Sunday, December 15, 2013

Johannes Vermeer, RIP, December 15, 1675

Believe it or not, there is a connection between the death of Johannes Vermeer and the English Reformation, the topic of this blog! The connection is the relationship between Church and State, always fraught with difficulty, but especially when the State chooses an official church and religion. The artist Johannes Vermeer became a Catholic when he married, and this site notes:

By the time Vermeer's parents were married in 1615, the suppression of the public celebration of the Catholic faith in Delft was complete. But even though national decrees denied Catholics the right to serve public office, many areas of the Netherlands remained solidly Roman Catholic. Despite the hostility, Dutch Catholics continued to worship and educate their children throughout the 17th century. In large cities like Amsterdam, Haarlem and Utrecht, commercial concerns dampened repeated calls for anti-Catholic laws. Although intolerance existed in the United Provinces, on the whole Dutch Catholics enjoyed remarkable freedoms compared with religious minorities elsewhere in early modern Europe. Penal laws against Catholics were occasionally enforced and Catholics were vulnerable to extortion, but things could have been far worse.

Vermeer very probably converted to Catholicism upon his marriage to Catharina Bolnes [in 1653] and there is no sign that his decision had negative repercussions on his career. The most influential painter in Delft and friend of the Vermeer family, Leonaert Bramer as well as the popular painter of Dutch family life, Jan Steen were noted Catholics.

So, like Catholics in England, Catholics in the Netherlands had to worship secretly--that line "things could have been far worse" might indeed be applied to English Catholics during the 17th century. Since this painting dates to 1670-1672, English Catholics were still under the Penal and Recusancy laws that made it an act of treason for a priest to be in England and a felony for a layperson to assist a Catholic priest in any way--although there was a hiatus in the persecution of Catholics during those years of Charles II's reign. It would start up again after the Fire of London and while Titus Oates' nefarious conspiracy of a conspiracy ran its perjurous course.

Catholics in the Netherlands were allowed to worship in schiulkerk, or hidden churches, as long as they kept it quiet.

The Metropolitan Museum of Art in New York City has this Vermeer currently on display. Its description:

One of Vermeer's most unusual pictures, this large canvas was probably commissioned by a Catholic patron. The subject was adopted from a standard handbook of iconography, Cesare Ripa's "Iconologia." Vermeer interpreted Ripa's description of Faith with the "world at her feet" literally, showing a Dutch globe published in 1618. The divine world is suggested by the glass sphere hanging overhead. The painting of the Crucifixion on the wall copies a work by Jacob Jordaens. Among the several Christological symbols, the most prominent are the apple, emblem of the first sin, and the serpent (Satan) crushed by a stone (Christ, the "cornerstone" of the church). Dating from about 1670, the work strikes a balance between abstraction and haunting similitude.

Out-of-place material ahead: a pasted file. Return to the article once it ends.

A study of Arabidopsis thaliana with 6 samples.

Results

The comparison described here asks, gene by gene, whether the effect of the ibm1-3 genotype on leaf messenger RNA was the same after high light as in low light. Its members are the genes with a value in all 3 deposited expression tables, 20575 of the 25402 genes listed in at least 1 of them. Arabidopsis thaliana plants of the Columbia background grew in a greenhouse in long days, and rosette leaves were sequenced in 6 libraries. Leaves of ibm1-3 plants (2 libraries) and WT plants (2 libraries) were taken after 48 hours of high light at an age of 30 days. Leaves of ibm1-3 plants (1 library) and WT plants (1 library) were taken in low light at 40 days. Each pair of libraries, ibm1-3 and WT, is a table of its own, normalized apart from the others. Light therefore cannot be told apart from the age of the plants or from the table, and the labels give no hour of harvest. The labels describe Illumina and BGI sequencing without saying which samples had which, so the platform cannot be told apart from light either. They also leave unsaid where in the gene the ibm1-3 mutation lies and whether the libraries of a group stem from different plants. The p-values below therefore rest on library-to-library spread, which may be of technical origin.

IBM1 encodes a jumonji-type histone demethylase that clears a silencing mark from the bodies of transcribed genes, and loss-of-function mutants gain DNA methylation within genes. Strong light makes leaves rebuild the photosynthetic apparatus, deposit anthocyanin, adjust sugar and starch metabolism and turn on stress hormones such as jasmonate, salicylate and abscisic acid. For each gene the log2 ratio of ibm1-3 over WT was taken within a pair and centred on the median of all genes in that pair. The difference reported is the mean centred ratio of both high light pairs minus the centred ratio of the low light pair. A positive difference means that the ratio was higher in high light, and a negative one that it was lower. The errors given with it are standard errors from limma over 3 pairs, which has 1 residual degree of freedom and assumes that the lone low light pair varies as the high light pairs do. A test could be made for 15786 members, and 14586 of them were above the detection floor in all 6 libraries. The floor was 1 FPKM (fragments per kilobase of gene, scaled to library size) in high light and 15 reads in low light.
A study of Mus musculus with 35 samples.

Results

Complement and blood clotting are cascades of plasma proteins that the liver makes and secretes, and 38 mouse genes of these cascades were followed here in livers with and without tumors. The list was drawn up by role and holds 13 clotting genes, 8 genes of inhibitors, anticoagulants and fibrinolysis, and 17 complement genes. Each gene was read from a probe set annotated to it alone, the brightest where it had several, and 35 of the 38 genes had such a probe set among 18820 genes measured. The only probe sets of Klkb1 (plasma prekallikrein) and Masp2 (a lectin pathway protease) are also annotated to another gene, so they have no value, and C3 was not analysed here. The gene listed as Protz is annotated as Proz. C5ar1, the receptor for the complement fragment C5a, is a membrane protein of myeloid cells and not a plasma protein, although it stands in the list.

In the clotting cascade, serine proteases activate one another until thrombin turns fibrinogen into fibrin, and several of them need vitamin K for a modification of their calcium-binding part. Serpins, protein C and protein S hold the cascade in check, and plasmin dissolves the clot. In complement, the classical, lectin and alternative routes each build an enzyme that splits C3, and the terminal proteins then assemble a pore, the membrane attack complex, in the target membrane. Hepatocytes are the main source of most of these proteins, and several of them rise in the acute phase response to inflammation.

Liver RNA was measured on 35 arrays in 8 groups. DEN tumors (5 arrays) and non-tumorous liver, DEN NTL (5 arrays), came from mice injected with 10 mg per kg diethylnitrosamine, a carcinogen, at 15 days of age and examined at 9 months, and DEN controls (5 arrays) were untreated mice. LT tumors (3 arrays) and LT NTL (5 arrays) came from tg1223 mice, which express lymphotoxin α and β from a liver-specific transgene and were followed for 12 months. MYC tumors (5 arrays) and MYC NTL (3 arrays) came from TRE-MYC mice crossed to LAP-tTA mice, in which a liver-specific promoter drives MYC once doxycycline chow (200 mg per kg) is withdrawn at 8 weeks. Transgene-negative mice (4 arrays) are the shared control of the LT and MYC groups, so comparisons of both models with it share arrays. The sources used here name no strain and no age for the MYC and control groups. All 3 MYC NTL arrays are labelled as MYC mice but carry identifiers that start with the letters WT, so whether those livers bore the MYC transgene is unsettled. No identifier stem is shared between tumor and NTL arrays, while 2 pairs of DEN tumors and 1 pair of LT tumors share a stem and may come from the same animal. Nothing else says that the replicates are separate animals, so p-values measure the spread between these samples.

Painted about 1670–72, this picture presents an allegory of Vermeer's adopted religion, and was probably made expressly for a private Catholic patron or for a schuilkerk, a hidden Catholic church. It is unlike any other work by Vermeer, though it shows compositional similarities to The Art of Painting (Kunsthistorisches Museum, Vienna) of about 1666–68. The latter work is also allegorical in subject, but only nominally, as it was intended mainly as a virtuosic display of the artist's abilities. In the MMA canvas, Vermeer shifts his late style towards a more classicist and schematic manner.

The choice and interpretation of the imagery included here would have been discussed by the artist and his patron. For many of the allegorical motifs, Vermeer must have turned to Cesare Ripa's emblem book, Iconologia (Rome, 1603), translated in a Dutch edition by Dirck Pietersz Pers (Amsterdam, 1644). The female figure represents the Catholic Faith, wearing white, a symbol of purity, and blue, the "hue of heaven". A hand raised to the heart indicates the source of living faith. She rests her foot on a globe, published in 1618 by Jodocus Hondius, to illustrate Ripa's description of Faith with "the world under her feet". In the foreground, Vermeer shows the "cornerstone" of the Church (Christ) crushing a serpent (Satan). The nearby apple, which has been bitten, stands for original sin. The table is transformed into an altar with the addition of a chalice, crucifix, and a Bible or, more likely because of its proximity to other objects used for the Mass, a missal. The glass sphere, hanging from a ribbon, was a popular decorative curiosity; in this context, it may be viewed as a symbol of heaven or God. The room itself, with its high ceiling, marble floor, and a large altarpiece based on a work by Jacob Jordaens (possibly identical with one in Vermeer's estate), was meant to be recognized by contemporary viewers as a private chapel installed within a large house or some other secular building. Though apparently an illusionistic device, the tapestry at left would also have been understood as part of a very large hanging, drawn aside to reveal a normally secluded space.

This book, published by Harvard University Press, covers the era: Faith on the margins: Catholics and Catholicism in the Dutch Golden Age by Charles H. Parker and this book even compares the two minority communities of Catholics in England and the Netherlands. And Vermeer is in the news with the release of Tim's Vermeer, a movie about a man's efforts to figure out how Vermeer composed his paintings so perfectly balancing light and shadow, using a camera obscura.